The recent furore surrounding the Wayne Rooney saga has once again raised questions over the role of sports agents. High profile football players, particularly the seasoned pros, have condemned the role of agents in modern sport – championing the role of legal and accountancy professionals as the more appropriate alternative.
Modern sport for the professional is of course a business with significant sums being involved. Not only would one assume that the stewardship by qualified professionals, who specialise in such disciplines as drafting and negotiating contracts and providing financial advice, would be preferred over that of a lay agent, but from a financial point of view, solicitors charge an hourly rate as opposed agents (who calculate their fee as a percentage of the multi-million pound deals they are doing).
The basis of such fee calculation surely raises a conflict of interest concern. The sports lawyer has the ability to consider the broad aims and objectives of the client, as the solicitor does not gain from the value of the client’s contract. Furthermore, sports solicitors do not benefit from any transfer fee, whereas it is in the agents best interest to sign the client up to the deal which is financially more advantageous (the agent of course, works on a percentage). This could lead to issues for the professional – such as career development and job satisfaction – and is perhaps fuelling the public perception that sports people are no longer in it for the love of the game.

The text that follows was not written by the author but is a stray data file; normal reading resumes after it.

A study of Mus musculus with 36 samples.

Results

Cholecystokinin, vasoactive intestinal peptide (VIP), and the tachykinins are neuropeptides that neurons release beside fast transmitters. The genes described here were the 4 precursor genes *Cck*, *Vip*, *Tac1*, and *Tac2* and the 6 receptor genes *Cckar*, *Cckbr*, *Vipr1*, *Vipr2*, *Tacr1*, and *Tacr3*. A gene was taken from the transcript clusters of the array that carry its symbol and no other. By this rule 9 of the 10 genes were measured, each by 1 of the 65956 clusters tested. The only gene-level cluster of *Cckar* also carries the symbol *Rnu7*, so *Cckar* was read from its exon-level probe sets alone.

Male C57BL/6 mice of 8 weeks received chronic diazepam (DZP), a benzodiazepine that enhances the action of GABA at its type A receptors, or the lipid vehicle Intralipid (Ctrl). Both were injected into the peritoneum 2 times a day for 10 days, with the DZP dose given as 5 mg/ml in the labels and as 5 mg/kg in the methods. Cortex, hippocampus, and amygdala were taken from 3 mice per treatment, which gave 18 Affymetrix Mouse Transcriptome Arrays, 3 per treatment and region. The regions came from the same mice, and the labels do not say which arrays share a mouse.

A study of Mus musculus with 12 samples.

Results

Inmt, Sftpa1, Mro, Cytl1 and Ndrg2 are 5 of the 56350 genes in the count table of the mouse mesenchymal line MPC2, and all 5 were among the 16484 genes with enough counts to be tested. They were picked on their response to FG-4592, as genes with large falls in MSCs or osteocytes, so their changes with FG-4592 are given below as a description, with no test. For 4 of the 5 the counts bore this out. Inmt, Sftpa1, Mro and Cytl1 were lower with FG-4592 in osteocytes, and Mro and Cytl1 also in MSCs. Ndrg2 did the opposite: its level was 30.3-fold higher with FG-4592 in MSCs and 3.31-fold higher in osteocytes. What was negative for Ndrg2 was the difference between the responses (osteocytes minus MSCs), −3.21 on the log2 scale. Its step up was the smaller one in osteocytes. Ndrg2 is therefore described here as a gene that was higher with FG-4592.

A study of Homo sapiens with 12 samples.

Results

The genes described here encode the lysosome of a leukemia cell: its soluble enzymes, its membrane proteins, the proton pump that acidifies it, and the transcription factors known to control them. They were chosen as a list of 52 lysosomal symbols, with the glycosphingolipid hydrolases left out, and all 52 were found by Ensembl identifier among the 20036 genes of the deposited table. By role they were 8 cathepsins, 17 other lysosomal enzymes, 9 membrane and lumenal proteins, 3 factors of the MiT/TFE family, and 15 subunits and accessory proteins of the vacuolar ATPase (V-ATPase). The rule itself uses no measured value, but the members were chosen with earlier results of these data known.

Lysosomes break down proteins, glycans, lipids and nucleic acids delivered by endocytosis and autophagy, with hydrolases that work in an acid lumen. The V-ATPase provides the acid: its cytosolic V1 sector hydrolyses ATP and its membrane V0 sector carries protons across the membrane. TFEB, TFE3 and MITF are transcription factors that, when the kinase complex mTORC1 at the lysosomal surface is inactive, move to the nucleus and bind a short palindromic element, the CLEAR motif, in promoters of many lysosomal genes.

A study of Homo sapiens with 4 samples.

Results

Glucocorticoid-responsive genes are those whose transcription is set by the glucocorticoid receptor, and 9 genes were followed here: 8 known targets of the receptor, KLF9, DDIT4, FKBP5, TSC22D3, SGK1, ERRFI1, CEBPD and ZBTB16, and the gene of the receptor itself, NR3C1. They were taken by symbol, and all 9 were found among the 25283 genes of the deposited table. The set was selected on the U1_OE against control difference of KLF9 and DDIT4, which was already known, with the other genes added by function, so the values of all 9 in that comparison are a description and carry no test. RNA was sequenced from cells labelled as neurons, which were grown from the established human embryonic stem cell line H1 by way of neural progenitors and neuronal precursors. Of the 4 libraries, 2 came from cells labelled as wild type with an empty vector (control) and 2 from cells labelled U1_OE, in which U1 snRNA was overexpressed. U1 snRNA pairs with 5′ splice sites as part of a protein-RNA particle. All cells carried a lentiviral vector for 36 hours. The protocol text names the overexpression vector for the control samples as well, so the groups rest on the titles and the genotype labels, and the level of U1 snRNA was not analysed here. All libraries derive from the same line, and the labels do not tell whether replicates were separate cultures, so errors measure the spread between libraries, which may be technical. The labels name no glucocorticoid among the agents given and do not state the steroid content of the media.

Then why do professionals within the sports industry continue to engage agents as opposed lawyers? There is often a perception that budding sports men and women ‘need’ an agent, and there is perhaps a lack of understanding that there is indeed a viable if not more suitable alternative. It is also considered that agents have the knowledge and contacts that their professional (either legal or financial) counterparts lack.
As the area of sports law practice develops, lawyers appear to have grasped this imbalance with many sports departments, now offering a more rounded service combining teams of qualified solicitors and non-lawyers with backgrounds in various sporting arenas. I would suggest that this is the future of sporting representation which may well be more welcome to those involved in sport than those who write the tabloid headlines.